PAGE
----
Capturing the Measurements of Our Lives

Posted by Lior Weinstein on Monday, May 20th, 2013
Category : Microsoft Excel, Paperless Office, PDF to Excel Converter, Work Environment

World Metrology Day

Image source: Ncsli.org

You are driving from New York to Toronto. It’s 492 miles. Once you cross the border that would be 757 kms. It is a comfortable 77 degrees Fahrenheit when you leave your home. In Toronto the weather feels the same, but it is 25 degrees Celsius. If you’re confused about these measurements, keep reading to learn about World Metrology Day.

 

 

 

 

 

 

 

 

 

 

Metrology is simply the science of measurement. We use weights and measurements every day: in cooking, when we buy gas, when we look at the speedometer as we see a police car in our rear view mirror.

We use them when we stand on the scale and then start measuring our calories to control those other weighty numbers. We mark that spot on the wall to see how much our children have grown.

Some of us use weights and measures in our jobs: scientists of course, but all kinds of people from house painters, carpenters, to tailors and teachers.

 

The International Bureau of Weights and Measures was created on May 20, 1875 to ensure that there is a global uniformity of weights and measures, knows as the International System of Units or Système International. The organization is headquartered in France.

The organization is also known as the Bureau international des poids et mesures (BIPM) and has the authority of the Convention of the Metre. This is a diplomatic treaty between fifty-five nations.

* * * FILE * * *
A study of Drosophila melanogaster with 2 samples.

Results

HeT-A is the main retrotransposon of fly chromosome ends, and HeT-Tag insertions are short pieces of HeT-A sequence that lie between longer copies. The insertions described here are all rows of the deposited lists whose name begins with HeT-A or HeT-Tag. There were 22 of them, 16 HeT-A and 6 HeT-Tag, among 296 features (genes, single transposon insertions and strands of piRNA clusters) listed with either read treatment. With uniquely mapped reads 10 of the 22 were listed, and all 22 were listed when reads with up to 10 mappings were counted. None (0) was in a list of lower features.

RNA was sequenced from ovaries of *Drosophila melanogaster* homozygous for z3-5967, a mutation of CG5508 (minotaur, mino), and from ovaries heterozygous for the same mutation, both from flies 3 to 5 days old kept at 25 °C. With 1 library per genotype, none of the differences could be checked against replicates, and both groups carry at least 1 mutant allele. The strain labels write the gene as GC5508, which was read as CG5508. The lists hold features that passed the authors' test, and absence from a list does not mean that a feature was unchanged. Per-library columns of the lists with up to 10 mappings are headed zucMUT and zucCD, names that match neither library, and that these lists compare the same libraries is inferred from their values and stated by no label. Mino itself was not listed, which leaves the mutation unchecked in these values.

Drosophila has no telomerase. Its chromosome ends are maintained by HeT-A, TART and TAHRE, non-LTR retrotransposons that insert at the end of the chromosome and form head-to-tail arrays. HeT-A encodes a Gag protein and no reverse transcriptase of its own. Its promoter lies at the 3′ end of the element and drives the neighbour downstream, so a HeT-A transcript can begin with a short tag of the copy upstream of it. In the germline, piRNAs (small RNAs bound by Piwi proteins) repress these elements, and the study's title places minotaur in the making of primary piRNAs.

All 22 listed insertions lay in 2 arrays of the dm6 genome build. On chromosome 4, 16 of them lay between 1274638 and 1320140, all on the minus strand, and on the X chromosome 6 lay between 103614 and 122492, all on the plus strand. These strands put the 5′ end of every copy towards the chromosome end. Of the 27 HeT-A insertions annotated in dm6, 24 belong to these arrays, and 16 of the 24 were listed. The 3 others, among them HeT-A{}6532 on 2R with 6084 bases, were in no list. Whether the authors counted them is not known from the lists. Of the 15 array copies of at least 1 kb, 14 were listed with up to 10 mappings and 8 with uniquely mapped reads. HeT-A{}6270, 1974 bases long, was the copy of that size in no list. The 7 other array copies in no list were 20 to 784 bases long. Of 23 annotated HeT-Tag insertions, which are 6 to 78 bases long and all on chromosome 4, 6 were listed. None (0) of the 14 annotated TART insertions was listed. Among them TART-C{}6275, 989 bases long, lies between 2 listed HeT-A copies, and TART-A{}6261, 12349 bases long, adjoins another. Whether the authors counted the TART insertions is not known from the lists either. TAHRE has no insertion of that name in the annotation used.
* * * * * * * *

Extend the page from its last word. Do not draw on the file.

Most countries also have their own bureau of weights and measures. It’s interesting to know, but all information is not going to help you keep track of those measurements when you are building that garden shed or figuring out whether you should bring a jacket on your trip to Canada.

If you work with a lot of measurements, you need a good system to keep track of all of those numbers you’ve collected with your tape measure.

A Carpenter's Rule of Thumb

Image source: Cheezburger.com

As the rule of thumb goes in carpentry, measure twice cut once. Measure twice and document those numbers right away. Sure, you can write them on the back of a napkin, but you will probably lose it. Even if you keep your measurements in a notebook, you should still use Excel to build a spreadsheet. That way you can also do your calculations to determine how much product you need.

By using a PDF to Excel converter you can increase the effectiveness of your spreadsheet.

If you are a professional chef, or even a home cook, you can make a list of ingredients, calculate how much you will need depending on the number of servings, and figure in the cost of each portion. With a PDF to Excel converter you can convert your receipts from your food purchases to assist you in menu planning and budgeting.

Measurement Facts U.S. vs Metric System

Image source: Kwiznet.com

There are many businesses that sell their product by weight. You definitely need to keep your eye on the pounds and ounces.

If you travel for business, this is a great way to calculate your expenses. You may be paid a per diem for food and also for your mileage. Your boss is going to want to see receipts and a report on any additional expenses, such as that business lunch where the client ordered the most expensive item on the menu – a 24 ounce steak.

Measurements don’t lie. You may want to tell yourself that your feet are a size seven, but those cute summer sandals won’t look or feel good when your size nine feet are squeezed into them.

There are online converters that can help you calculate all those figure if you are conducting business or traveling in other countries that use the metric system. How often have you taken the wrong measurements or forgotten to write them down? One wrong measurement can ruin a project or a recipe. Don’t let weights and measurements rule your life.